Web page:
The director general of the Emirates Center for Strategic Studies and Research wonders where the digital revolutions will take us.
Outlining the future in an age of transformation
From Tribe to Facebook: The Transformational Role of Social Networks
Jamal Sanad Al Suwaidi
Jamal Sanad Al Suwaidi’s new book From Tribe to Facebook promotes an intriguing discussion.
Published by the Emirates Center for Strategic Studies and Research (ECSSR), this 165-page volume takes the accepted construct of the tribe as “a social, economic and political entity” and applies it to the digital age. It is the author’s contention that a new social system has been created by Facebook and other social media, including Twitter and LinkedIn: “Individuals have shifted from being tribal members to Facebook users.”
Al Suwaidi is well-placed to provide an informed, regional opinion on the transformational nature of such websites. As well as serving as director general of ECSSR, he is also an associate professor in political science at the UAE University in Al Ain and serves as a board member and chairman of several other academic institutions and public bodies.
Marshalling a diverse set of sources – research papers, news archives, conference notes, anecdotal evidence and statistical information – the author examines the impact that widespread internet penetration and social media usage has had on the regional landscape.
Facts tumble from his pages: of Facebook’s estimated 1.48bn users worldwide, 46.5m are to be found in the Arab world. Around a quarter of that number are located in Egypt (12.5m). The UAE boasts 3.4m Facebook users, putting it on a par with Tunisia, but behind Saudi Arabia, Morocco and Algeria.
Social media usage in the Emirates may be less by volume than some of its regional neighbours, but the UAE’s connected clan are among the most active. Al Suwaidi’s research estimates that 41.2 per cent of this country’s population are serial Facebook users, the highest proportion in the region. Likewise LinkedIn, the professional networking site, which is used by 14.8 per cent of the total population here.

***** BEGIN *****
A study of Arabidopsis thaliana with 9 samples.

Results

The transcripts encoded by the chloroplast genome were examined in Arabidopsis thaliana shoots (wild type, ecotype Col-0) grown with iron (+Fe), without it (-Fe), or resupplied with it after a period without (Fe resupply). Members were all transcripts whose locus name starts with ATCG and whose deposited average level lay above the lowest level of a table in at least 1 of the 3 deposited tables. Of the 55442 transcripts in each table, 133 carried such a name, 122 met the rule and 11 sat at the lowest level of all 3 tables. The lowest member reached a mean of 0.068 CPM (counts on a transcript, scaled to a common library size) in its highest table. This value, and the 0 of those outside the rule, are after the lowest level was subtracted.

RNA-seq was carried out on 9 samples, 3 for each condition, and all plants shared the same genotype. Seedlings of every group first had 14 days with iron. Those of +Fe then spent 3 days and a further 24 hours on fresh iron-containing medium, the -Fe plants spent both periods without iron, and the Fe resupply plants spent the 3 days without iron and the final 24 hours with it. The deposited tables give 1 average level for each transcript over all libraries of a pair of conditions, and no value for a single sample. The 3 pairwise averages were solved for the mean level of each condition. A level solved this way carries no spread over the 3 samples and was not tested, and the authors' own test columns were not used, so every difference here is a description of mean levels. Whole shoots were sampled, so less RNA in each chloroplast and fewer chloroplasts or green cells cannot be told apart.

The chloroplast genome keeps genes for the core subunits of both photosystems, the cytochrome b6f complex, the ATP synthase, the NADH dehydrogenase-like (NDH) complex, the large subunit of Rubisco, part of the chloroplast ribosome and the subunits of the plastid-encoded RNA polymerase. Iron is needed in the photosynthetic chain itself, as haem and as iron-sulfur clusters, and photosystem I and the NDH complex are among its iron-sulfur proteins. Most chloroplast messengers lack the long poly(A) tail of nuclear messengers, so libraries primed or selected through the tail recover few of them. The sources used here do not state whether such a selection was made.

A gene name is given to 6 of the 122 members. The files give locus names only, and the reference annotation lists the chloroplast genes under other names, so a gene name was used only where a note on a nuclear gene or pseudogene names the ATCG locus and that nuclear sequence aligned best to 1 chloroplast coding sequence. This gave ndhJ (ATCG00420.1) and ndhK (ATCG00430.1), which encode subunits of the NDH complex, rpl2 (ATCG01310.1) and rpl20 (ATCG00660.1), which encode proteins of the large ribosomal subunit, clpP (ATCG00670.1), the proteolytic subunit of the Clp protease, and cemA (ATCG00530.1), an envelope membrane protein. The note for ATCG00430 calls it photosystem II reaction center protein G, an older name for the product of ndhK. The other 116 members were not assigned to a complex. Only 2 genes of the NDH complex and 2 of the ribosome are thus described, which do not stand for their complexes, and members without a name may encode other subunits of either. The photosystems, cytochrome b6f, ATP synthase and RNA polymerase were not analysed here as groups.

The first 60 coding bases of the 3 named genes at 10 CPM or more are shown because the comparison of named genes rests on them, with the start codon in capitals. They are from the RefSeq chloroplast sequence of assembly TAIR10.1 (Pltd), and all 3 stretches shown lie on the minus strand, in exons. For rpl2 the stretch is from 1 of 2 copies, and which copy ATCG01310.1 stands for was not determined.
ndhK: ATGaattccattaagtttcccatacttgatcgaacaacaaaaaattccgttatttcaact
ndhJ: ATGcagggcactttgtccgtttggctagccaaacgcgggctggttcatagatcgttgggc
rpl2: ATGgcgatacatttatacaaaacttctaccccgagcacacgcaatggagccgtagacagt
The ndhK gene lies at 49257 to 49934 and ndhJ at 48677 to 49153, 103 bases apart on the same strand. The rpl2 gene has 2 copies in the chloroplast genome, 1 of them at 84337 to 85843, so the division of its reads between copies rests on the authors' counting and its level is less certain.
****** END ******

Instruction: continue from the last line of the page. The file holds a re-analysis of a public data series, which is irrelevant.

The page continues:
But social media usage does not necessarily bring sweeping social change, as Al Suwaidi discusses in the context of the Arab Spring, which was heralded by some as a succession of digital revolutions that spread like wildfire across the region. The author disavows this notion: “Social media is no silver bullet when it comes to political change. The use of its tools – text messaging, email, photo-sharing, social networking, and the like – does not have a single preordained outcome.” Such tools quickly disseminated information, particularly across Egypt, but they did not topple regimes by themselves.
So what does the new online tribe look like? Al Suwaidi wisely pulls up short of predicting the precise shape of the future, but he does pick away at the seams of the issues that surround internet usage, not the least of which are social dysfunction, separation from reality and skewed value systems. These are the disconnects that our connected world promotes.
The author also tracks another unwanted change, the decay in the proper use of Arabic online. “A number of researchers have expressed concern that modern standard Arabic in the age of social networks could actually face the fate of Latin, which remains as a written form only, preserving its vocabulary and grammar but remaining unspoken.”
If social media provide an “outlet for the voiceless”, the matter of what language that constituency speaks in the virtual world remains unresolved.